For anything growing in the ground, soil is a very important thing. Soil gives plants a place to anchor their roots so they don’t fall over, holds water and nutrients for them to use, and supports a wide variety of living things that contribute to plant growth. Whether you want to grow a lawn, garden, or landscape bed, knowing a little about your soil can make a big difference in the quality of your plants!

There are a lot of terms that relate to soils. Some helpful ones to know include:

  • A chart of soil textures. Credit: Natural Resource Conservation Service

    Soil particle sizes / soil texture. A soil that is composed of large particles is sandy, a soil with tiny particles is clayey, and a soil with mid-sized particles is silty. Multiple sizes of particles can mix together to form a soil, which is why you may see soils referred to with terms like, “sandy loam” or “silty clay loam”. This mixture of particle sizes gives a soil its texture.

  • Soil acidity / pH. The pH of a soil refers to its level of acidity. The pH scale ranges from 0 to 14. Low numbers mean the soil is acidic, while higher numbers mean it is basic, or alkaline. 7 is neutral, and many plants grow best in a slightly acidic soil (around 6.5). Some plants, like blueberries and azaleas, prefer a more strongly acidic soil (4.3-5.5). If the soil pH is too far from the plant’s preferred level, it may not be able to take up the nutrients it needs even if they are present in the soil. To raise the pH or make the soil less acidic, we can add garden lime; to lower the pH or make it more acidic, we can add sulfur (though this is not as long-term a solution).
  • Organic matter. All the living things out there die at some point, and when they do, other living things break them down as food. Fungi, bacteria, tiny insects, and more are all out there working to make sure you aren’t wading through piles of dead things. Instead, all that decomposed and partially decomposed plant (and animal) matter become part of the soil. Organic matter is part of a healthy soil, and helps it hold onto water and nutrients that plants can use.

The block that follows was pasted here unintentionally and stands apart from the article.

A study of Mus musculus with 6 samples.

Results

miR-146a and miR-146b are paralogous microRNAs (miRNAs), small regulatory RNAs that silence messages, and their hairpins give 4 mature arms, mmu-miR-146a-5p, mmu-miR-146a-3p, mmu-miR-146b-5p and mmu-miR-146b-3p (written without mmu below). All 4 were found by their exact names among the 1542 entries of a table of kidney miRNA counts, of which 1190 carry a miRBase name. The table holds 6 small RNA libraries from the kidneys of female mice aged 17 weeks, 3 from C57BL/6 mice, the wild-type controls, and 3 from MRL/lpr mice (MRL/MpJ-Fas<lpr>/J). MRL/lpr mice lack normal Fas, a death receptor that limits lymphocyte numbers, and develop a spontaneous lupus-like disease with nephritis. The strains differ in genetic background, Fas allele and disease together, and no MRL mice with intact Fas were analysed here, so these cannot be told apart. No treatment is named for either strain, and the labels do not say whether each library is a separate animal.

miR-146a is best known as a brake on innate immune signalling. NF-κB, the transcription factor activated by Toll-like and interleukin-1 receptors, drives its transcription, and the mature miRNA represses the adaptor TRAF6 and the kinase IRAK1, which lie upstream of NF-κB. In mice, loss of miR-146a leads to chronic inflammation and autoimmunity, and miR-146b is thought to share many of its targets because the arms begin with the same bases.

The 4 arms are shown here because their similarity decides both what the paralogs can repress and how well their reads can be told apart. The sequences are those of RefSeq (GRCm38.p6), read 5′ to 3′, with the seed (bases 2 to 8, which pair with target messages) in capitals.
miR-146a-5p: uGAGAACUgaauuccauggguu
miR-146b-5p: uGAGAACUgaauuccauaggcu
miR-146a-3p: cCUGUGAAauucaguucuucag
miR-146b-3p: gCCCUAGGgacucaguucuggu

• Compost. When you make a pile of dead plant matter and help it decompose on purpose, you’ve made compost. By controlling the material you put into a compost pile as well as the amount of water and oxygen it gets, you can speed up the decomposition process and end up with organic matter to use in your garden.
  • Mulch. Mulch is any substance that sits on top of the soil. Wood chips, bark nuggets, pine straw, or even synthetic mulches like sheets of plastic are used to help keep weeds from growing and retain soil moisture.

Sandy soils can grow gardens, though they may need a little more attention!

To gather information about the soil, it can be a good idea to do a soil test. Your local Extension office can help you figure out how to do this. Once you do, you’ll receive information on your soil pH, what plant nutrients are in the soil, and recommendations on how much lime and fertilizer you’ll need to add for the year. Test your soil before you add any major amendments such as lime or fertilizer. This will help you add the right amounts at the right time – too much fertilizer, for example, can harm plants or run off into surrounding water bodies, causing environmental damage.

You can find more information on soil testing here, or visit your local Extension office. Soil tests can take up to two weeks to return a result, so plan ahead!